Service Held for White Plains Teen Swept Away in Hawaii

A crowd of about 500, mostly young people, assembled at a beachfront catering hall for a memorial service for Tyler Madoff of White Plains


    The parents of the Westchester teenager swept out to sea in Hawaii are both grieving and outraged. They say Tyler Madoff never had to die, and they want the group behind the adventure tour he was on to shoulder the blame. Ida Siegal reports.

    Relatives, coaches and teachers stood before an expansive view of Long Island Sound on Thursday and remembered a 15-year-old from suburban New York who impressed his peers and his elders before

    he was swept out to sea during an expedition in Hawaii

    .

    A crowd of about 500, mostly young people, assembled at a beachfront catering hall for a memorial service for Tyler Madoff of White Plains, who was on a hiking and kayaking trip when large waves swept him away July 4. Another hiker who was caught in the waves was rescued.

    "He was hungry for a journey, hungry for adventure," said Scarsdale High School English teacher Rachel Warshowsky.

    "I forget sometimes he was only 15," she added. "He made me see what the next generation is capable of."

    Football coach Andy Verboys described Tyler as dedicated, humble and inspiring.

    "His confidence allowed him to take chances in front of his friends," the coach said.

    Tyler's father, Michael Madoff, addressed his late son and said, "You were truly a gift from heaven, a prince among men. ... Tyler, you are now our prince among the angels."

    Clutching his daughter, Mykaela, and son, Dylan, Madoff said, "We are still a family of five. We will always be a family of five."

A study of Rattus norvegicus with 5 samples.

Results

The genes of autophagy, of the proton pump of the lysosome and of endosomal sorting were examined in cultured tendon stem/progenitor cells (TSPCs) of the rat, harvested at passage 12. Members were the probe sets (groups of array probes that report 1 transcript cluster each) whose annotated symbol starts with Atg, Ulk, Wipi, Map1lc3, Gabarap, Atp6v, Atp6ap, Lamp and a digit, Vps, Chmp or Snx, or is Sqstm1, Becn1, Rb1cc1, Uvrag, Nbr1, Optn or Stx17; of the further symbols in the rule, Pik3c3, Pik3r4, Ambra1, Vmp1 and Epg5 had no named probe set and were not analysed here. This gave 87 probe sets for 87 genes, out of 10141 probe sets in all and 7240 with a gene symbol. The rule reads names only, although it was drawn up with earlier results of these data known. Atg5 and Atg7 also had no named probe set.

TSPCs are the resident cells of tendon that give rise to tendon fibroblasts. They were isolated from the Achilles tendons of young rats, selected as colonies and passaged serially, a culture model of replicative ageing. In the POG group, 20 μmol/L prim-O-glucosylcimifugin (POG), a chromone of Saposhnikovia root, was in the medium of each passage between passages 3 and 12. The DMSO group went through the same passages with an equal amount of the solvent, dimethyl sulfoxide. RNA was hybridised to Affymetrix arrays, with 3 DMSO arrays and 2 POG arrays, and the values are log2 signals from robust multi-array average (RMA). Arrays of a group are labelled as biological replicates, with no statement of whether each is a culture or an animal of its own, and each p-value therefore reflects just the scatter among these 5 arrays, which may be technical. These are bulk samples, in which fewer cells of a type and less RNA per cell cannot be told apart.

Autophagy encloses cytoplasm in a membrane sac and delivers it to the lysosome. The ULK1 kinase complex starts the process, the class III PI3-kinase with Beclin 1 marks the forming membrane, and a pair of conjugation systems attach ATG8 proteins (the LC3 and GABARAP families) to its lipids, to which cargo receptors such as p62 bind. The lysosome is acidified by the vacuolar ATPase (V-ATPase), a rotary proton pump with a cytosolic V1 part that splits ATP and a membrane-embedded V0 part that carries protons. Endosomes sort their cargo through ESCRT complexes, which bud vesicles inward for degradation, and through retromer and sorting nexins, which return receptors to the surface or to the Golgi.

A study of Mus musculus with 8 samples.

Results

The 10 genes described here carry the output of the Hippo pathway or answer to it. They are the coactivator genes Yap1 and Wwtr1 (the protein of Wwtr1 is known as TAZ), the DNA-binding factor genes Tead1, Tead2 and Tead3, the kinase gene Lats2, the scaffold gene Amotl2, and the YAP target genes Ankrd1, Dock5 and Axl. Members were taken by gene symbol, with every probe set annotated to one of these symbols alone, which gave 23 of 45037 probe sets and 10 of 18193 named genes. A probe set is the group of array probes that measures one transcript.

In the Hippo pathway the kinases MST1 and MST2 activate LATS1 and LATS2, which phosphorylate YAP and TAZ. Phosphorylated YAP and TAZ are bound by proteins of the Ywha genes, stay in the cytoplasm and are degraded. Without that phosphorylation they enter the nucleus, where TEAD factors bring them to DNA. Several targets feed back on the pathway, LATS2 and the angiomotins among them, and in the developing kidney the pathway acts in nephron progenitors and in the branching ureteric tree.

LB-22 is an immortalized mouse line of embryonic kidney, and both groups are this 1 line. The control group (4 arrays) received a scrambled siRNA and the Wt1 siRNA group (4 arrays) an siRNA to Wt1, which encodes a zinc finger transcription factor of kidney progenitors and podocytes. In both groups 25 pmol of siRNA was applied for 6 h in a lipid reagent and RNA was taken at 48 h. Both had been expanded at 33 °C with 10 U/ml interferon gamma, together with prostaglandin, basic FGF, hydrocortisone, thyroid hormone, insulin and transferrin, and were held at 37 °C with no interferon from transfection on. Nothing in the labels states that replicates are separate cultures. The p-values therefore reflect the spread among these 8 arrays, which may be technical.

Tyler's mother, Marianne Madoff, who was born in France, said more relatives were gathering simultaneously at memorials in Paris and Brittany.

    "Tyler has gone on a different journey and we must learn to live a different journey of our own," she said.

    Her mother, Sue Jackson of Hackensack, N.J., described Tyler as "my H.M. grandbaby," meaning high-maintenance.

    "He liked to he hugged, cuddled and sung to incessantly," she remembered.

    Jackson said the family was "sadder, smaller, but then again immeasurably richer for having had Tyler in our midst."

    Chemistry teacher Nelson DaSilva said Tyler was "the spirit of the class."

    "We banged heads," he said, but Tyler succeeded and didn't hold grudges. DaSilva said the boy inspired him to end an old dispute with an neighbor.

    As seabirds skimmed the water's surface behind him, Tyler's crew coach, Guy Monseair, praised Tyler's strength and attitude and said the Pelham Community Rowing Association had named a new boat the "Tyler." When new recruits ask about the boat's name through the decades, he said, "Tyler will inspire children who will never meet him."

    "Tyler sucked the marrow out of every minute of every day," Monseair added.

    Flying disc toys were distributed to mourners as they left. The yellow discs bore the name "Tyler" inside a blue heart.